Myke Cole's Gemini Cell was one of my favorite reads last year, so I was looking forward to Javelin Rain with a lot of excitement.
These two books comprise the opening gambit of a new trilogy that serves as a prequel to Cole's Shadow Ops series (which I haven't read, but since these are prequels they're as good as place as any to start, I think), and like a number of middle entries, Javelin Rain struggles as its own entity. It has to continue the story began in Gemini Cell of Jim Schweitzer, an undead SEAL who has been resurrected by a secret cabal within the US military, and picks up literally seconds after the last page of the prior book. It also has to tell a story that progresses the overarching narrative without providing too much in the way of resolution (because that's what book three in a trilogy is for!) while also serving as a satisfying entry in its own right.
Cole adheres to these points fairly solidly, but Javelin Rain gets a bogged down in its own elements. As a middle entry, it lacks the freshness of discovery the prior book possessed, and as a reader I'm no longer thrust into exciting, unfamiliar territory but instead get a lot of the same elements I was already familiar with. This book is basically Schwietzer On The Run In The Forest, and its a scenario that occupies a lot of pages. A side plot introduces Dadou, a new sorcerer inducted into the Gemini squad to kick up their capabilities a notch, and she's a pretty cool character tasked with working alongside Jawid, resident Binder of souls to corpses. There relationship helps make Jawid a more interesting character here as Cole explores the depth of his religious fervor and the mental brainwashing of his faith.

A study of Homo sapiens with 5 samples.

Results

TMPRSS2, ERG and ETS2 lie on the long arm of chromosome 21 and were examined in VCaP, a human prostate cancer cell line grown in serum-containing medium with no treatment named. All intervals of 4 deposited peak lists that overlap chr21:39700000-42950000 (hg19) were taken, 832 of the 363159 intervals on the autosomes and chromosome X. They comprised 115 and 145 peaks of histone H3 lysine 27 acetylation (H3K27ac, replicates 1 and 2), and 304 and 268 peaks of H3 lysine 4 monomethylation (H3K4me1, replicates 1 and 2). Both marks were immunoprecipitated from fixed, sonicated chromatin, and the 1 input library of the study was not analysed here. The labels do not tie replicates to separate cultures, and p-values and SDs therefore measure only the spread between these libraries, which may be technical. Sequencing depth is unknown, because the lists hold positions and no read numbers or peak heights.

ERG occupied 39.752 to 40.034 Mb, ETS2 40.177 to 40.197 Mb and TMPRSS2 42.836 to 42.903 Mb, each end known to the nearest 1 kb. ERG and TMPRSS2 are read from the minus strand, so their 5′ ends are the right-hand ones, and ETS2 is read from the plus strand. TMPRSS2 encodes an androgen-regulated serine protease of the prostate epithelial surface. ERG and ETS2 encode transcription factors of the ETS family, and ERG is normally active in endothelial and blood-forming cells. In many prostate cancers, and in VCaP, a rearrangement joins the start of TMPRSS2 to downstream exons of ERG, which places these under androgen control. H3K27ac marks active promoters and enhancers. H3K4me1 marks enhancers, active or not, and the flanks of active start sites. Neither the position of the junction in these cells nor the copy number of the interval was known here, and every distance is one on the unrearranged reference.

Mostly, though, this book just lacked the excitement and freshness I found in last year's novel. The action wasn't quite as exciting, although Cole delivers a few welcome surprises here and there and lays out enough details to inch us toward the big finish in book three. If Gemini Cell was great (and I thought it was), then Javelin Rain is merely good. It's readable, and leaves the characters in an interesting place, but it lacks energy. Still, I'm on-board for the long haul, even with slightly dampened enthusiasm.